Certainly I think that requiring research-backed answers is appropriate and welcome; if someone is asking for research we should endeavor to provide such. We're a bit more "opiniony" than most sites, and that means a lot of our answers tend to be personal narratives and opinion; we should enable users who want facts to get those when needed.
Scope-narrowing restrictions are also fine in my book. If someone asks a question, they should be able to tailor what they're asking reasonably tightly; as long as that is still a good question by itself, it's fine to me. Asking a question about a controversial topic, or simply something where people will likely have opinions or information about the wider topic area, you may often want to clarify in advance that you only want to know about a specific subset of the area - for example, asking about behavior but clarifying your parenting style so you don't get suggestions to do something that you wouldn't agree with doing. As long as the question with the restriction is still answerable and otherwise on-topic it seems fine to me - it's just further clarification.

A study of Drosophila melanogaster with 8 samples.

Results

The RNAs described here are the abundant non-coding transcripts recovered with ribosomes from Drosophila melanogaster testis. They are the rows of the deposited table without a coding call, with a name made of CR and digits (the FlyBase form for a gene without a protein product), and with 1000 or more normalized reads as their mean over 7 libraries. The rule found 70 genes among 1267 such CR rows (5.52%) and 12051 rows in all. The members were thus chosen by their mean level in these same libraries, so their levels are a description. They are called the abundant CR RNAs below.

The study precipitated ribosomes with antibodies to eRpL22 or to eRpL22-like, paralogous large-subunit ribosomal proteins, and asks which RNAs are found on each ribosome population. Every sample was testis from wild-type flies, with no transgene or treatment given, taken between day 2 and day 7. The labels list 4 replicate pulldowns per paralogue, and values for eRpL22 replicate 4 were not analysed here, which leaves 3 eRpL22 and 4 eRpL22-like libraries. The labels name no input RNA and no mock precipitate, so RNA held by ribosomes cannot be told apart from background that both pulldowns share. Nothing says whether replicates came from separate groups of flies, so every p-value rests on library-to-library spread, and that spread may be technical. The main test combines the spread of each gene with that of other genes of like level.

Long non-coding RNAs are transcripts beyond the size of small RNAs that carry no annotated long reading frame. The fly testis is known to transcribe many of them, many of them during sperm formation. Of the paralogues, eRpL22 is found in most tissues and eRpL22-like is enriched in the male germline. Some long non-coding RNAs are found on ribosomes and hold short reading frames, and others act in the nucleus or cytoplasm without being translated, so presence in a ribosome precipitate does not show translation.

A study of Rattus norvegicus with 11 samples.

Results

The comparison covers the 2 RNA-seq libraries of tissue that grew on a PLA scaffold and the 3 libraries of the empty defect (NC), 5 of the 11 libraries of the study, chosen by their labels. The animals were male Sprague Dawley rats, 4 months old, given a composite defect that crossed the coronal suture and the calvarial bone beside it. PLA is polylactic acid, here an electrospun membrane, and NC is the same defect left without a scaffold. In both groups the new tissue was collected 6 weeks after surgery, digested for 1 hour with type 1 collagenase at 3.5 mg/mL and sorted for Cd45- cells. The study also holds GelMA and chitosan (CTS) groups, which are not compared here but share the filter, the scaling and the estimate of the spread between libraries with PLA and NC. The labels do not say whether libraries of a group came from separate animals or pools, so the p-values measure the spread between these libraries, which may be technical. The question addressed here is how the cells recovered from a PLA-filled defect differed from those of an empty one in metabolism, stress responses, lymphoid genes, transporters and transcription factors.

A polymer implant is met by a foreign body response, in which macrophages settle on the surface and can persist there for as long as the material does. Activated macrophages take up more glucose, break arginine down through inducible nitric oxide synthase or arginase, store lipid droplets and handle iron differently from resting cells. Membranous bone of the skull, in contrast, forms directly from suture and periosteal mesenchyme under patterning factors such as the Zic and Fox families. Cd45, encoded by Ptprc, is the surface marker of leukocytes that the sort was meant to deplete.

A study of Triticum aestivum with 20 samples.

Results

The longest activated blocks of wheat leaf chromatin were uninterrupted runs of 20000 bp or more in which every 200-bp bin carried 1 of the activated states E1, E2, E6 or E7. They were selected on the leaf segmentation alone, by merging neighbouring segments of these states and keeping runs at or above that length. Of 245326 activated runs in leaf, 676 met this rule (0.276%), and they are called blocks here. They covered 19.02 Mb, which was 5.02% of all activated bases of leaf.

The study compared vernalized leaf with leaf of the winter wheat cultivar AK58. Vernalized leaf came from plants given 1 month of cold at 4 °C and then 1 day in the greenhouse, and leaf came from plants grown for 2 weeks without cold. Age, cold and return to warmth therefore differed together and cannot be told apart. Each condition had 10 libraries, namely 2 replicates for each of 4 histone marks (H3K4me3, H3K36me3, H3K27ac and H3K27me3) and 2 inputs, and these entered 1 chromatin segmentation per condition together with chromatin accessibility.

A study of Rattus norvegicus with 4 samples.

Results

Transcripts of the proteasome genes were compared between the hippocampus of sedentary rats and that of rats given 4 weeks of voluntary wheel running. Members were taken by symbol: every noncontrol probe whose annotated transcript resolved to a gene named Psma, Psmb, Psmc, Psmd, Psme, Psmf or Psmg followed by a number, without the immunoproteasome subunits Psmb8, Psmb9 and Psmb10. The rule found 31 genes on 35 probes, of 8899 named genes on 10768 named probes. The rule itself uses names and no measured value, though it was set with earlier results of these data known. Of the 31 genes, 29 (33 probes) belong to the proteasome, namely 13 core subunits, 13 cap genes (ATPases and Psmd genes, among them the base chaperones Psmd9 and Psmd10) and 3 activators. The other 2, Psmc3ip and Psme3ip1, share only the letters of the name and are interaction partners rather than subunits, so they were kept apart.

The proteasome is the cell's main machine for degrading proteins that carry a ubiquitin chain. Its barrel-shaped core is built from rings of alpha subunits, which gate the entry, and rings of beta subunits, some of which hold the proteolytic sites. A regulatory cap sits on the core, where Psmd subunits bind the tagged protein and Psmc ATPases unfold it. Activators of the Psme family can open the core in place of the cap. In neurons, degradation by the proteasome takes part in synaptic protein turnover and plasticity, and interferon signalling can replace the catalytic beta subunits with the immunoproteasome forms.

Enforcing a specific number of things in an answer isn't really something we'd generally be okay with, and you'll notice the date on that first question; that wouldn't be on-topic currently I don't think.
Other kinds of restrictions, other than those that limit the scope or require research, should be less common, and are probably less likely to be acceptable in my opinion. As Erica points out, limiting to the point of unanswerability would be a problem, as would including the answer in the question (ie, suggesting a scope narrowing device such that the answer was present in that narrowing).